Figure 1. Erection of an obelisk. 1. The base of the obelisk was placed on the edge of the pedestal on which it was going to stand. The obelisk was made so that one side of the base could be fitted into a slot cut in the pedestal. This prevented the obelisk from slipping while it was actually going up. 2. While the obelisk was raised by ropes and jacks, a heap of material (usually bricks) was pushed underneath it to support it and keep it steady. 3. Finally the heap of bricks grew high enough to allow the obelisk to stand upright on its pedestal. .
Figure 2. 'Cleopatra's Needle' by the River Thames in London.
|Figure 3. Obelisk at Luxor.
In height, as a rule, they are about ten times the diameter of the base. The point was usually sheathed in a bright precious metal, silver or gold, but of these valuable metals were stolen long ago. Because of the layer of metal the columns reflected the sunlight brilliantly and they could be seen from a great distance.
Obelisks were carved out of a stone called syenite (so-called because it was extracted from the caves of Syene, today named Aswan), which was a form of reddish-colored granite. Sometimes a dark gray basalt was used.
The dimensions varied: the tallest known obelisk remains unfinished in a cave at Aswan (127 feet high) and the smallest is less than 6½ feet high. They were not merely decorative but stood in front of the temples and were usually dedicated to the sun gods. On many obelisks there are inscriptions in hieroglyphics (the Egyptian picture-writing) saying which gods they were dedicated to.
How obelisks were built
The huge unfinished obelisk at a cave at Aswan helps to show us how such monuments were made. First of all the Egyptians insisted that the stone to be used should have no defects, such as cracks or blemishes. Next the rock was cleaned with powerful jets of water. Then the surface of the rock was planed until it was smooth and flat. To do this, especially hard stones from the desert valleys of Egypt were used. These stones often weighed 9 or 10 pounds each. After planing, the contours of the obelisk were marked out on the ground and a deep ditch was dug out around them. Then the slaves went down to work in ditches. They scraped the obelisk with round stones and then set to work to polish the sides.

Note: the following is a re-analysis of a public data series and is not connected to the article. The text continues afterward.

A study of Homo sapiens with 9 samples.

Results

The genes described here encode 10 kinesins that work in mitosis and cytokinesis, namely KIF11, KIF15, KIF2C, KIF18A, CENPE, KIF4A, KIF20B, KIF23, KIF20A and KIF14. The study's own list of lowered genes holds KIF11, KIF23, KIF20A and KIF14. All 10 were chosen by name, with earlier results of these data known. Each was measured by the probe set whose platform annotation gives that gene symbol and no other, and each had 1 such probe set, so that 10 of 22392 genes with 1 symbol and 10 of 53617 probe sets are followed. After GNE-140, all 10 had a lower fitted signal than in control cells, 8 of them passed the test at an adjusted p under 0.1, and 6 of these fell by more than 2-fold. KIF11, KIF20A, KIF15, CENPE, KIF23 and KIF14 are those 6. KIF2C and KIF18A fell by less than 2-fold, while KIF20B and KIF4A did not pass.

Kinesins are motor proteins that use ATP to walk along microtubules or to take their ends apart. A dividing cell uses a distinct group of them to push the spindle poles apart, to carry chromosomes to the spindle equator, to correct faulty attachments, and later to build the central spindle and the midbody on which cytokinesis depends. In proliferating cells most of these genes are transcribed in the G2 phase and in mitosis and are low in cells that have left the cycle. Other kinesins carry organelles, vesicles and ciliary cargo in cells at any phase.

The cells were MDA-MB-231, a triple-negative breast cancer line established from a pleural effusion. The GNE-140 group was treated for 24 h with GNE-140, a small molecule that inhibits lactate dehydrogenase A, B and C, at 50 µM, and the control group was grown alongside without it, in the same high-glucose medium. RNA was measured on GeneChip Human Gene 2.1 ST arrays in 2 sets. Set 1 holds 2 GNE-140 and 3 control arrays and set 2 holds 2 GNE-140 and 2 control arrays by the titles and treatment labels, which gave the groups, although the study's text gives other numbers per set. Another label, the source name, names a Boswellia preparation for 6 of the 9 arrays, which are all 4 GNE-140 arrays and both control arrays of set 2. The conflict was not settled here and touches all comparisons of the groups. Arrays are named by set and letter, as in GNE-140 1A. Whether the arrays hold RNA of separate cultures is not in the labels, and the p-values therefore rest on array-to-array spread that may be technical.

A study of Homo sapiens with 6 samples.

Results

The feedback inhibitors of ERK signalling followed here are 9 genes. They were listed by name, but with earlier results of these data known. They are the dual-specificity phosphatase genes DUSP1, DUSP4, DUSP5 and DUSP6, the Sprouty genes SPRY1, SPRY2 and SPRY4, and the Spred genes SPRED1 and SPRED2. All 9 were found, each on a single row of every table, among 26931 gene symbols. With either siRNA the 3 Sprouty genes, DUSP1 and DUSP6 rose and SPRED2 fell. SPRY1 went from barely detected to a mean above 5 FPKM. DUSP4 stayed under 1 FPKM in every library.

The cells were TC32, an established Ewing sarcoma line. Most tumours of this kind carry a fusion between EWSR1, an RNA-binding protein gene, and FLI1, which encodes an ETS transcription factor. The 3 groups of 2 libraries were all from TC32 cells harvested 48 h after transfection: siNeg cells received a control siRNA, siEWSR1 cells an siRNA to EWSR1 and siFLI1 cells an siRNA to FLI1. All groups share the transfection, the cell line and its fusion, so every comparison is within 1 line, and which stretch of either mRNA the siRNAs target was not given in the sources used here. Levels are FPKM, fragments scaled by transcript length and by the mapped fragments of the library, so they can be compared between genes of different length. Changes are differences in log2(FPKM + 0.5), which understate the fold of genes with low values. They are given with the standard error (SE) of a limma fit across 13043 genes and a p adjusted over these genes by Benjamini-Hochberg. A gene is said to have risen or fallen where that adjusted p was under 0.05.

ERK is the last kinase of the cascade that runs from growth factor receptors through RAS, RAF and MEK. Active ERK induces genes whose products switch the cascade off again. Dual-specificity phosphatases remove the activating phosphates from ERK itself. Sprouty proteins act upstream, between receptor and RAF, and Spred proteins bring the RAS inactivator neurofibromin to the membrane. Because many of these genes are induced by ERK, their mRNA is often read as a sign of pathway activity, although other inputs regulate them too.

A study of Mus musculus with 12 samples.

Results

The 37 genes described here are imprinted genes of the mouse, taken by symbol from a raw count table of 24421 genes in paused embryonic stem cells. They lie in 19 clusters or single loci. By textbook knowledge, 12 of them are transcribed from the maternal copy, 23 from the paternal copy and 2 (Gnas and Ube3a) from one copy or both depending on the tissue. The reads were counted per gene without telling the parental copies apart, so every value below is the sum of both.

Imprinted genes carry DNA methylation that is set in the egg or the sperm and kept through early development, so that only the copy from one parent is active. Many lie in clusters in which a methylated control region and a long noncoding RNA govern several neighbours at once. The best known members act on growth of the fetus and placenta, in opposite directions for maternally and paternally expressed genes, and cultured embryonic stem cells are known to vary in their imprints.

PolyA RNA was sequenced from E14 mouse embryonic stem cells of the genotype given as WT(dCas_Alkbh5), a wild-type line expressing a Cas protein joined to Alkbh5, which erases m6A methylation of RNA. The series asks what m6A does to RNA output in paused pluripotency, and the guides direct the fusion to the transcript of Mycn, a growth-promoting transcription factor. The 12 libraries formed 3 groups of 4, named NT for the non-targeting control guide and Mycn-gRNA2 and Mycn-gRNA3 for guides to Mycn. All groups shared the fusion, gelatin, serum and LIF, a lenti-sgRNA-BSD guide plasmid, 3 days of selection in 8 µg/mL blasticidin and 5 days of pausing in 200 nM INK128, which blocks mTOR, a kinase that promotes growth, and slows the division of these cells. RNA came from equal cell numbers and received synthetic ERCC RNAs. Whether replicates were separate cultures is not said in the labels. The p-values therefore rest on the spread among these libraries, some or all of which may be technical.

The fourth face of the obelisk was torn from the seam of rock with enormous wooden wedges which were driven into previously prepared holes at regular intervals. The wedges were soaked with water, and as they expanded the rock split.
At this stage a group of slaves (about 5,000 strong) worked with ropes and jacks to raise the obelisk from the ditch and to heave it on to planks resting upon wheels. The obelisk was transported by this method to the Nile; it was then loaded on to a long barge to be taken to its destination.
How they were erected
On arrival, the next task was to pull the obelisk upright. As some monuments weighed 500 tons, this was obviously quite a problem. Figure 1 shows the stages by which the Egyptians probably did it.
Where the most famous obelisks are found
Although obelisks were typical Egyptian monuments, they can be seen today in many other countries. Some obelisks were taken from Egypt by foreign conquerors; others fell into ruin because of earthquakes or were worn away by wind and weather.
It is amazing to think that out of thirteen obelisks at Karnak, only three are now left. Among these are the famous ones erected by Tutmos I. Several obelisks were also erected in another city of ancient Egypt called Heliopolis, 'The City of the Sun.' The oldest known obelisk of its kind stands on the outskirts of this city (now a suburb of Cairo): it was erected in about 1950 BC. The obelisk at Luxor is famous for its fine hieroglyphics. It was erected by Ramses II in the thirteenth century BC, and stood in front of the Temple of Luxor together with an identical one which is now in Paris. It is about 80 feet tall.
When the Romans conquered Egypt in the first century BC they took several obelisks with them back to Rome. There they remained in the main squares until the sixteenth century AD.
Paris, New York, Istanbul, and London each have an obelisk. The well-known monument beside the Thames and the one in New York's Central Park are twins, popularly called "Cleopatra's Needles." They were constructed in 1500 BC during the reign of Thutmose III, stand nearly 21 meters (70 feet) tall, weigh about 180 tonnes, and are made of red granite.
The one on the Thames embankment was presented to Britain in 1819 by the Viceroy of Egypt, but it did not reach London until 1878. The cost of transporting it was paid by a private citizen, Erasmus Wilson, and it was nearly lost on the way in a storm in the Bay of Biscay. Sealed up in its base are a newspaper, a copy of Bradshaw's Railway Guide, and some English coins dated 1878. It was scarred by bomb splinters in the Second World War.